Posted by: johnocunningham | December 4, 2014

Best Blogs of November: Actions Speak Louder Than Billables

This is my twenty-fourth post in a series of monthly features that I have dubbed “Best of My Blog Roll.” The concept is simple – at the end of a month I peruse my own blog roll (see that column on the right) for material created by other bloggers that I think is most worthy of sharing with others, and then I report on it here.

For the month of November 2014, I have chosen to highlight a post  by Stephen Fairley at The Rainmaker Blog entitled “One Big Law Firm Abandons the Billable Hour.”

I liked this post, not just because it trumpeted an important news item that drew little attention in the press, but because it focused on the impact one major law firm’s policy will have on clients.

The firm in the spotlight is Jackson Lewis, a nationwide 780-lawyer labor and employment firm, which recently announced that its associates would no longer be measured by billable hour production. The new method for assessing associate performance will reportedly be based on client service, responsiveness, efficiency and team play (as well as pro bono contributions).

Chairman Vincent Cino was quoted as saying that “the billable hour is directly opposed to the best interest of the client.”

This move might garner little praise from lawyers in other firms, who well might fear what it portends, but it is a clear statement to the firm’s clients that the firm has a whole new focus for associates – one that is aligned with client interests.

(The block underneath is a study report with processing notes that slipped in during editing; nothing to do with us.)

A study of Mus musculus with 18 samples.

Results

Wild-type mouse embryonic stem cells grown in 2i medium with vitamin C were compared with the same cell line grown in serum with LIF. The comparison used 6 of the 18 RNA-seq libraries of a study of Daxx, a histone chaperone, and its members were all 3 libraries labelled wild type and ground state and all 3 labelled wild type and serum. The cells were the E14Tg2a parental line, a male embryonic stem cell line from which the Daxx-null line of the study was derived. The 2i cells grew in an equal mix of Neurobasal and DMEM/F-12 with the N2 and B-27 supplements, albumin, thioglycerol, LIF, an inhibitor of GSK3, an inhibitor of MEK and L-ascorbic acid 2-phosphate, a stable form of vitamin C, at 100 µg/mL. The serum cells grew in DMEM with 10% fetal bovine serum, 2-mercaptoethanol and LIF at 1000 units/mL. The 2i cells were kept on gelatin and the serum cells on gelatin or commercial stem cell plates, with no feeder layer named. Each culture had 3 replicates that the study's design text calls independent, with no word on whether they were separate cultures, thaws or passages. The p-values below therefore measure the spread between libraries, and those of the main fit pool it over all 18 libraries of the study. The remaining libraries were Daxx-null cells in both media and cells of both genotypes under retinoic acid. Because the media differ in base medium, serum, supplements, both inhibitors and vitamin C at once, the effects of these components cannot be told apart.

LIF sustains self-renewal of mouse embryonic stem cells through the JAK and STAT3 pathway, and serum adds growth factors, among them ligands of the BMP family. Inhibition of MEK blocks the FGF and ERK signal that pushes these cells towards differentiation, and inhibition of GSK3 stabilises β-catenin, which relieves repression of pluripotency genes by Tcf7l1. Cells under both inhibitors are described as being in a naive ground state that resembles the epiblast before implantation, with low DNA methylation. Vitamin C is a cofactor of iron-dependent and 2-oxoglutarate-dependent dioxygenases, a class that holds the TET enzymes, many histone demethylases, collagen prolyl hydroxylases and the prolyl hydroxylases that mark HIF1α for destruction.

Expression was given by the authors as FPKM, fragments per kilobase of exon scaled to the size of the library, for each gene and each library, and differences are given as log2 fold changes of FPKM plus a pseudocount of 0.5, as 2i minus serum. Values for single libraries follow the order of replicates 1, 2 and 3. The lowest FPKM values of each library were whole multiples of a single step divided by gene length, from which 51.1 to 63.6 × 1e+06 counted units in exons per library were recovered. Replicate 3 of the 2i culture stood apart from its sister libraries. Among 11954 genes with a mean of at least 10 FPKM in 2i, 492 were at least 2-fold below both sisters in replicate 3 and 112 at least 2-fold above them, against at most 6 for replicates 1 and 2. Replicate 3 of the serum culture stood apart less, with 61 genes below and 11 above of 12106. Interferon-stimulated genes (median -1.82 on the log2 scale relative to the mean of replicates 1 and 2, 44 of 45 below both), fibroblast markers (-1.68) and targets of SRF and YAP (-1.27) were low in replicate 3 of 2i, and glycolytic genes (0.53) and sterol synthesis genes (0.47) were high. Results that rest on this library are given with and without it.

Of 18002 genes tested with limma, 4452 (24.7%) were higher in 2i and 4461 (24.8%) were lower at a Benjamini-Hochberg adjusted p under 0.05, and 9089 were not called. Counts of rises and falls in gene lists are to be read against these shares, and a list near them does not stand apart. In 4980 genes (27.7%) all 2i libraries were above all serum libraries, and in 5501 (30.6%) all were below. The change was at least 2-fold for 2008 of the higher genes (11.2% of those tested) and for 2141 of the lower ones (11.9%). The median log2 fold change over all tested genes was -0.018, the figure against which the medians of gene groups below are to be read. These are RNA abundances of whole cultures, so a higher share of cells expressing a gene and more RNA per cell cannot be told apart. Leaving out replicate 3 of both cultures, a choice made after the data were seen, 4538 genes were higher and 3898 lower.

The move is also responsive to mounting client concerns in recent years that young associates are too often inefficient, poorly trained and not delivering value for what they are paid. In fact, a growing number of clients have refused to pay for first year associate work at all, stating that they will not be responsible for training someone from scratch.

Now, the onus for ramping up associate efficiency will fall squarely on the partners who must pay those associate salaries, and a true commitment to associate development will likely emerge from a new focus on “client satisfaction.”

There were two other blog posts I wanted to call attention to as well. One was done by Mandy Edwards at ME Marketing, entitled “Blending Social Media Marketing with Traditional Marketing This Holiday Season.” It has a nice overview of how to integrate social and traditional media to get better performance from each.

The other post I enjoyed was short and sweet, but illustrated the lesson I learned from great rainmakers that everyone you meet is a potential client, if not someone you can potentially serve in some way. That post by Craig Brown is on “finding clients” and appears on the LawVision INSIGHTS blog.